The price of natural gas (short-term delivery) sharply rose again during most of last week. Will the price of natural gas continue to rally? Let's examine the recent developments related to the natural gas market.
During last week, the future price of Henry Hub (short-term delivery) increased by 4.4%. Moreover, United States Natural Gas (UNG) rose by 3.9%. As of last week, the Henry Hub future price was nearly $2.20 per million BTUs higher than the price during the same week in 2012. The recovery of natural gas may have curbed the decline of shares of major natural gas and oil producers such as Chesapeake Energy Corporation (CHK): During last week, Chesapeake's stock declined by 5.5%. If natural gas will continue to trade up, it could raise the expected revenues of Chesapeake and thus positively affect the company's stock.
The chart below shows the changes in the price of natural gas between February and April. As seen, natural gas prices have had an upward trend in recent weeks.
Based on the latest EIA weekly report, the underground natural gas storage rose (for the first time this season) by 31 Bcf to reach 1,704 Bcf. In comparison, the storage rose by 25 Bcf during the same week in 2012 and by 39 Bcf according to the five-years average. The current storage for all lower 48 states is 31.80% below last year's storage and 4.20% below the 5-years average. The table below presents the developments in storage from November to April (for twenty four weeks) in the past five years. As seen, the average extraction in 2012/3 is higher (in absolute numbers) than the average withdrawal in previous years. The high extraction may have fueled the rally of natural gas in recent weeks.
From the demand standpoint, during last week, the average U.S NG consumption changed course and rose by 1.6% (week over week). The consumption was still 3.1% below the natural gas consumption recorded during the same week in 2012. The power sector led the rise with a 4.5% gain (week over week) but was 22% lower than last year. Moreover, the residential/commercial sector's demand also rose by 0.8% (week over week) and was 15.2% higher than last year's consumption. Finally, the industrial sector's demand edged down by nearly 0.1% (W-o-W). As a result, the total demand for NG increased by 1.4% compared to last week's. But the total demand was still 2.2% lower than the demand during the same week last year. Based on the above, the demand for natural gas rose during last week compared to the demand for natural gas a week earlier but remained lower than last year's.
From the Supply standpoint, the gross natural gas production slipped by 0.2% during last week; it was still 1.7% above the production in 2012. Conversely, imports from Canada rose last week by 10% (week-over-week); the imports were 0.9% below the levels during the same week in 2012. The total U.S natural gas supply slightly increased by 0.5% compared to last week.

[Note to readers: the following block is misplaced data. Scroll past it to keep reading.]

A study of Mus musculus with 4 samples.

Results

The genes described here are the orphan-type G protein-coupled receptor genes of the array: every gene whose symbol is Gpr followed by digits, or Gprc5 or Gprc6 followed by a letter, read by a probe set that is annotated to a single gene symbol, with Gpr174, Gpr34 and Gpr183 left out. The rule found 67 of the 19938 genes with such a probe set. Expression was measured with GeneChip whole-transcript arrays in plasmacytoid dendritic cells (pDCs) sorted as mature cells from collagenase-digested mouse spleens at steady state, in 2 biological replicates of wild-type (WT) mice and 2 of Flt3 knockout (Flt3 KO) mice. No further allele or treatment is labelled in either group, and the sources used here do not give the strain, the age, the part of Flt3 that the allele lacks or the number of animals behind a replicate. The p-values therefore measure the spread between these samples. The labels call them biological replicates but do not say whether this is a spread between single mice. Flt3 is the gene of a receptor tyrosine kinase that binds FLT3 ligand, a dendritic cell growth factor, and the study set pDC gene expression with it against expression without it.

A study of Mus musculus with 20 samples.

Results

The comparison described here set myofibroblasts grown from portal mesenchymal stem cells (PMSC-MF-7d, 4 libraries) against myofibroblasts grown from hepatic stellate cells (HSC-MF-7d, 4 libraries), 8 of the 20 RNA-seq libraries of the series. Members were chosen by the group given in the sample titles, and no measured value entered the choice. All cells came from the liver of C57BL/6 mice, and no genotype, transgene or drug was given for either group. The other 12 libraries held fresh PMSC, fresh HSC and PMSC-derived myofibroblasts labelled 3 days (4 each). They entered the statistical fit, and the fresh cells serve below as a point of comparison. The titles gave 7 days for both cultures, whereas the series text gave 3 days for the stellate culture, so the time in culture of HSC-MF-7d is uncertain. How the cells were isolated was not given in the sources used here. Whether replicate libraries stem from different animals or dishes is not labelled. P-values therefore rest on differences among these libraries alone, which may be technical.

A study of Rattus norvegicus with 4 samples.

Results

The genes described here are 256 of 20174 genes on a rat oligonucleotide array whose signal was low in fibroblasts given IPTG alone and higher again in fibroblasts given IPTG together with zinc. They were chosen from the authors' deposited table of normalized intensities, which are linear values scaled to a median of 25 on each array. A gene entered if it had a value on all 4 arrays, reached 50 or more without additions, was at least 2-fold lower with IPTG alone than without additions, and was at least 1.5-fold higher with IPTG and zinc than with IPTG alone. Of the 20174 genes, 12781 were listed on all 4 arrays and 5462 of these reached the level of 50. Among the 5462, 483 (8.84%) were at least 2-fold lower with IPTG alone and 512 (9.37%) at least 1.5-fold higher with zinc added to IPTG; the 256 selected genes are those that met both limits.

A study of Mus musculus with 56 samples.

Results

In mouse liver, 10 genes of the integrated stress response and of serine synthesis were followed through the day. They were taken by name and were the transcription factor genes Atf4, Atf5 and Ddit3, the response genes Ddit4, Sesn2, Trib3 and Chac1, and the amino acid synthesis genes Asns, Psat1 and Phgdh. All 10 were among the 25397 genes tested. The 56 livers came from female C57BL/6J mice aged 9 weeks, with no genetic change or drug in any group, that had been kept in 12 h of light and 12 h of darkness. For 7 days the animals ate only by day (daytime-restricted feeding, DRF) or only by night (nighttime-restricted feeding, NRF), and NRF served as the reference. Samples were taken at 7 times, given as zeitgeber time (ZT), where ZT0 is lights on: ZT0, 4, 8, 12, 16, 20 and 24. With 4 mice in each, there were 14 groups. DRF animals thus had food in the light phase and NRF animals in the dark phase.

According to the recent weekly report by Baker Hughes, the natural gas rotary rig count rose by 2 and reached 379 rigs. The rig count is still 40% below the number of rigs recorded during the same week in 2012.
So during last week, the natural gas supply and demand rose. Conversely, compared to the same week last year, the demand for natural gas declined while the supply increased. Thus, the natural gas market tightened compared to last week but loosened compared to the same time last year.
Is the Weather Heating Up Soon?
During last week, the U.S temperatures (on a national level) were 3 degrees warmer than the 30-year normal temperature and 1.1 degrees warmer than the same week last year. In the next couple of days, the temperatures are projected to vary from below average to slightly above average in the Northeast, Midwest and South. But in the coming weeks, the temperatures in most parts of the U.S including Northeast and Midwest (except for Florida) are expected to be higher than normal. The precipitation is projected to remain above normal mainly in the East Coast. On a national level, the heating degrees for this week are projected to be lower than normal. The expected rise in temperatures in the U.S might curb the demand for natural gas for heating purposes. Therefore, if the temperatures will climb, we might see a drop in demand for natural gas, which could pressure down natural gas prices.
What's next for Natural Gas?
The recent spike in the price of natural gas may have partly been driven by a short squeeze. From the supply and demand standpoint: the rise in consumption in the power sector and the little movement in the supply may have also pulled up the price of natural gas. But the recent rally in the price of natural gas may eventually steer away electric companies from using natural gas. Moreover, the expected rise in temperatures is likely to pull down the demand for natural gas for heating purposes. If the weather forecasts will come through, and if the short sellers won't reach another short squeeze situation, I guess the price of natural gas will start to come down.
For further reading see "Is Chesapeake Regaining Our Confidence?"